Detecting Bisphenol A (BPA) in Infant Products with Mass Spec

By December 12, 2016

Developing a Rapid, Routine Method for Extraction and Quantification in Complex Infant Products with UPLC/MS-MS

Bisphenol A (BPA) is an additive that is primarily used in the production of polycarbonate plastics and epoxy resins. These synthetic materials are widely used in packaging to protect the safety and integrity of foods and beverages.

Is BPA hiding in your baby's plastic products?

Is BPA hiding in your baby’s plastic bottles, plates, and bubbas?

Polycarbonates are used to produce many food and beverage containers, such as beverage bottles, tableware, and other food containers. Epoxy resin coatings prevent corrosion of metal cans and lids, along with contamination of food and beverages.

BPA is an endocrine disruptor that can mimic the body’s hormones and may lead to negative health effects. In 2001, concerns about the estrogenic activity of BPA were raised, prompting several governments to release reports questioning the safety of its use in consumer products.

Canada became the first country to take action on BPA through their Chemicals Management Plan, which lists BPA as a toxic substance. The United States Food and Drug Administration (U.S. FDA) released a report in 2010 expressing some concerns regarding BPA exposure to fetuses, infants, and young children that has encouraged further studies into the safety of BPA. A European Union directive (EU directive 2011/8/EU) has also banned the use of BPA in the manufacture of infant feeding bottles.


The Analytical Solution

Here we demonstrate how to use UPLC and mass spectrometry in a rapid, routine analytical method for the extraction and quantification of bisphenol A in infant products. Low levels of quantification can be achieved while simultaneously minimizing any potential matrix interference from the complex samples.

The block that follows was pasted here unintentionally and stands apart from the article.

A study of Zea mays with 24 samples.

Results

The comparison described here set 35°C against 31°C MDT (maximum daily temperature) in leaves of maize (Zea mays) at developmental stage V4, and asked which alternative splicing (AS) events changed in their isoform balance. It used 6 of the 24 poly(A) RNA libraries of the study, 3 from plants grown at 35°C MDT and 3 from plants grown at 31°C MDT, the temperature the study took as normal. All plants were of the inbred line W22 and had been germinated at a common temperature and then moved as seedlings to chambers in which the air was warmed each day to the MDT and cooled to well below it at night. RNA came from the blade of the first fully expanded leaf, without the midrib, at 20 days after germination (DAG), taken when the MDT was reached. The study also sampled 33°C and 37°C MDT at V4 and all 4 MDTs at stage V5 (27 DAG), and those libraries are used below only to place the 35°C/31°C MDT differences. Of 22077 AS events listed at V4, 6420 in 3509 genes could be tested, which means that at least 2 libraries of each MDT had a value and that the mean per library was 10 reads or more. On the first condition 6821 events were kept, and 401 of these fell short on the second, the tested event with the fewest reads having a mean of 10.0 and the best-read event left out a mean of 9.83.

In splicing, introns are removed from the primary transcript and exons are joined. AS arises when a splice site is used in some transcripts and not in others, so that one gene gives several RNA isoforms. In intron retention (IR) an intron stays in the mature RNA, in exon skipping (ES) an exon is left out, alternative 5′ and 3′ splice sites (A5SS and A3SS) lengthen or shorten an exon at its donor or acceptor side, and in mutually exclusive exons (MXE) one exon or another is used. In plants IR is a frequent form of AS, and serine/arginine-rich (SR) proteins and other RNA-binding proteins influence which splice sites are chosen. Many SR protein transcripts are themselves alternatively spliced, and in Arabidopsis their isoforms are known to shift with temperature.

Infant formula and baby food were subjected to a short and rigorous extraction protocol prior to analysis. The samples were first extracted with the Waters DisQuE dispersive sample preparation product, that uses the widely accepted QuEChERS protocol. The first tube containing sodium citrate, sodium chloride, and magnesium sulphate was mixed with the 10 g sample and 10 mL of acetonitrile. The supernatant was thoroughly mixed then centrifuged to a 5:1 enrichment, and further cleaned using solid phase extraction (SPE) with Oasis HLB Cartridges.

The final organic eluate following SPE was diluted 50:50 with water, filtered, and injected for LC/MS/MS. This avoided the time-consuming evaporation and reconstitution steps often associated with SPE.

The filtered extracts were analyzed using a high pH, methanol gradient on a 1.7 µm ACQUITY UPLC BEH C18 Analytical Column. The analysis was performed with a Xevo TQD in negative ion electrospray (ESI) mode using multiple reaction monitoring (MRM). A deuterated BPA D16 internal standard was used to correct for variations in both extraction and ionization efficiencies.

Resulting MRM chromatograms of the quantification ion for a 1 µg/kg (1 ppb) spike in infant formula and baby food are shown in Figure 1 (download pdf). A calibration from 0.5 to 50.0 µg/kg demonstrated good linearity, as shown in Figure 2, below, and recoveries were in the range of 95% to 110%.

UPLC-MS/MS MRM chromatograms of BPA in infant formula and baby food samples spiked at 1 ppb.


The ACQUITY UPLC System coupled with the Xevo TQD mass spectrometer enables the low-level detection of bisphenol A from baby food and infant formula. The use of an additional SPE cleanup step following the QuEChERS extraction protocol ensures that low levels of quantification were achieved through pre-concentration and simultaneously minimized any potential matrix interference from the complex samples.

Avoiding the time-consuming evaporation and reconstitution steps of the standard SPE protocol increased the sample throughput.

In combination with the rapid, sensitive, and selective analysis afforded by UPLC/MS/MS, laboratory efficiency can be maximized.